By Carlo Dade
Published in BIV Magazine, Gateway issue
August 2, 2022
Canada can enhance its competitiveness through joint infrastructure improvements with its largest trade partner
Preventing flooding in Sumas Prairie, laying high-speed cable in the Cascadia Corridor, building customs and border clearance facilities in Vancouver harbour and, of course, southbound highspeed rail from Vancouver are all specific, anecdotal arguments for the creation of a North American Infrastructure bank. In each case, a bi- or tri-national body would provide missing, objective, independent, long-term data on trade flows, on integrated production and supply chains, on environmental impacts and on other factors to identify needed investments. And, yes, the bank could also provide financing. These types of projects tend to fall outside the mandate of the Canadian Infrastructure Bank, so there really is no mechanism to collect the data and advise – let alone fund – critical projects.
This is not just an irritant to enhancing integration between two economies – where US$2 billion a day crosses the border – and within a trade bloc that accounts for nearly 75% of Canada’s exports, 45% of its imports and 42% of the country’s gross domestic product. It is a competitive disadvantage for Canada’s global trade.
The North American trade bloc is one of the only ones without a dedicated, independent, third-party entity that collects data on the flow of goods, people and services throughout its integrated supply and production chains. We make things together in North America. Companies and some government agencies have limited window into the movement of goods and people within their sector, but no one has a complete picture, and very few have long-term data. No one has expertise in how to invest to make integrated supply and production chains more efficient and productive. It’s a process of re-learning and reinventing the wheel from one project to the next.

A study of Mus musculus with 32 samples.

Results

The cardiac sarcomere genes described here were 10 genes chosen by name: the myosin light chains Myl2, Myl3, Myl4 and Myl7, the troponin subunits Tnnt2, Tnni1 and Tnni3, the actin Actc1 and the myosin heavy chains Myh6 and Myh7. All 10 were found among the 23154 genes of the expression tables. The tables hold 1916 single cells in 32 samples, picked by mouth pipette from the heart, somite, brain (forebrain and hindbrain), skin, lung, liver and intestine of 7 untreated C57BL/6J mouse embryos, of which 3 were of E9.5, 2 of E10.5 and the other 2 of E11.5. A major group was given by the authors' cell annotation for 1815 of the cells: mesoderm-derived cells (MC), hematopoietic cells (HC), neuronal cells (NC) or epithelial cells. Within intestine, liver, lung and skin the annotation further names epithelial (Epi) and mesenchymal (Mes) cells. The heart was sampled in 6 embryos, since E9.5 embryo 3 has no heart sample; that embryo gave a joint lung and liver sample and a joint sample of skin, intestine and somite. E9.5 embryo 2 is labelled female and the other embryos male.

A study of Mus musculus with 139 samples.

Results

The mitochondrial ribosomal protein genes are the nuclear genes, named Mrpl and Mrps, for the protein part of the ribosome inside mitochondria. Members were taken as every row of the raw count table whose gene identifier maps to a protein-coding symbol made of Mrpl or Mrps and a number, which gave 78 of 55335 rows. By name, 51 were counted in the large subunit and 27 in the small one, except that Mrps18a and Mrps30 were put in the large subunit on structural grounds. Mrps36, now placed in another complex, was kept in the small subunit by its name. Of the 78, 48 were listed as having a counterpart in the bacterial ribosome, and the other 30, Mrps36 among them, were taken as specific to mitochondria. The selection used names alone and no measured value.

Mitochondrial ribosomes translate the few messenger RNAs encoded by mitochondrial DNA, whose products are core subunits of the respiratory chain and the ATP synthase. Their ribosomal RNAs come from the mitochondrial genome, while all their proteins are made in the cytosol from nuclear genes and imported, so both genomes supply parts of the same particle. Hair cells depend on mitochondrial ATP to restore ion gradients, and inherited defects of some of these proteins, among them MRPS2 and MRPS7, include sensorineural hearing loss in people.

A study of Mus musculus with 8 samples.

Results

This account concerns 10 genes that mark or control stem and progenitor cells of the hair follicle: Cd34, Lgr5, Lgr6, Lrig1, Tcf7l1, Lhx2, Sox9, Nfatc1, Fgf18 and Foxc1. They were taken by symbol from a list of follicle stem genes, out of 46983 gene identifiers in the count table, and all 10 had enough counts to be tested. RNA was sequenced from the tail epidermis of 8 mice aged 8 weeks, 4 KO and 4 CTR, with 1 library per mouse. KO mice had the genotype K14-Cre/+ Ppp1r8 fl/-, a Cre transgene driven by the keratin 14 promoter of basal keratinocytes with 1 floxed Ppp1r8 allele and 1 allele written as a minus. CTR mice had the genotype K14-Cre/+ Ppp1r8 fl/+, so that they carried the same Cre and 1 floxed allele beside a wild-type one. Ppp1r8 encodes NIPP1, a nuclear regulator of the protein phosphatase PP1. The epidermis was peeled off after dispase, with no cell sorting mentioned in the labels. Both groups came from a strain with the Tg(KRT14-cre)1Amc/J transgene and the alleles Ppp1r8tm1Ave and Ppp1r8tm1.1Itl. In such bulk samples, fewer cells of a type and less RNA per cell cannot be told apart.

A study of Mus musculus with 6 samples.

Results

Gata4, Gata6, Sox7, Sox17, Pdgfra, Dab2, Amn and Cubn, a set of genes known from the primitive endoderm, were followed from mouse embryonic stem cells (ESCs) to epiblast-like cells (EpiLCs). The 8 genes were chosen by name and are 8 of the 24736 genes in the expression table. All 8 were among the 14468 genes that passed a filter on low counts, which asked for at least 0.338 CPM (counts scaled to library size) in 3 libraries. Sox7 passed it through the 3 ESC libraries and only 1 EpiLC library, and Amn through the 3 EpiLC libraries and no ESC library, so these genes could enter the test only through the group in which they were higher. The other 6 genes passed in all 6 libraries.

This is not (or is less) the case in other trade blocs. The countries of the Pacific Alliance – Mexico, Colombia, Ecuador, Peru and Chile – use the resources, expertise and data of the Inter-American Development Bank to make their trade bloc more competitive. Likewise, the Association of Southeast Asian Nations has the Asian Development Bank and, more recently, the Asian Infrastructure Bank. This repeats in Africa, in the Caribbean and in Europe. But not in North America, despite the fact that Canada and the U.S. fund (and in some cases are the largest shareholders in) regional banks that help other trade blocs enhance their competitiveness through trade infrastructure improvements.
Thirty years ago, a deliberate decision was taken to not build robust tri-lateral institutions. After 25 years of trade integration, the three national governments barely exchange information on critical infrastructure plans, let alone work together to ensure cross-border infrastructure development meets the needs of producers, shippers and travellers. It’s time to revisit this.
The U.S. is moving massive amounts to fund infrastructure and Canada has the Canadian Infrastructure Bank, which will have $19 billion unspent at the end of its mandate, according to the Parliamentary Budget Office. Work by the George W. Bush Institute and the Canada West Foundation show that a North American Infrastructure Bank would need to be capitalized with US$4.5 billion. Assuming that the bond markets and rating agencies would accept a paid-in capital of 15%, then only US$675 million would be paid in cash, with half (US$335.5 million) coming from the U.S. and the rest from Mexico and Canada. Around US$168.75 is an amount that Canada can easily afford – less than 1% of projected unspent Canada Infrastructure Bank funds.
This is a minuscule price to resolve all of the problems along the Cascadia and Detroit-Windsor corridors, and to seize all of the potential along the Canada-U.S. border. In a world where trade has become difficult and downright hostile, and where competitors like China are spending to make their trade blocs more competitive, physically strengthening our North American trade bloc is an idea whose time has finally come. And fixing Sumas Prairie is a good place to start.
Carlo Dade is director of the Canada West Foundation’s Trade & Investment Centre.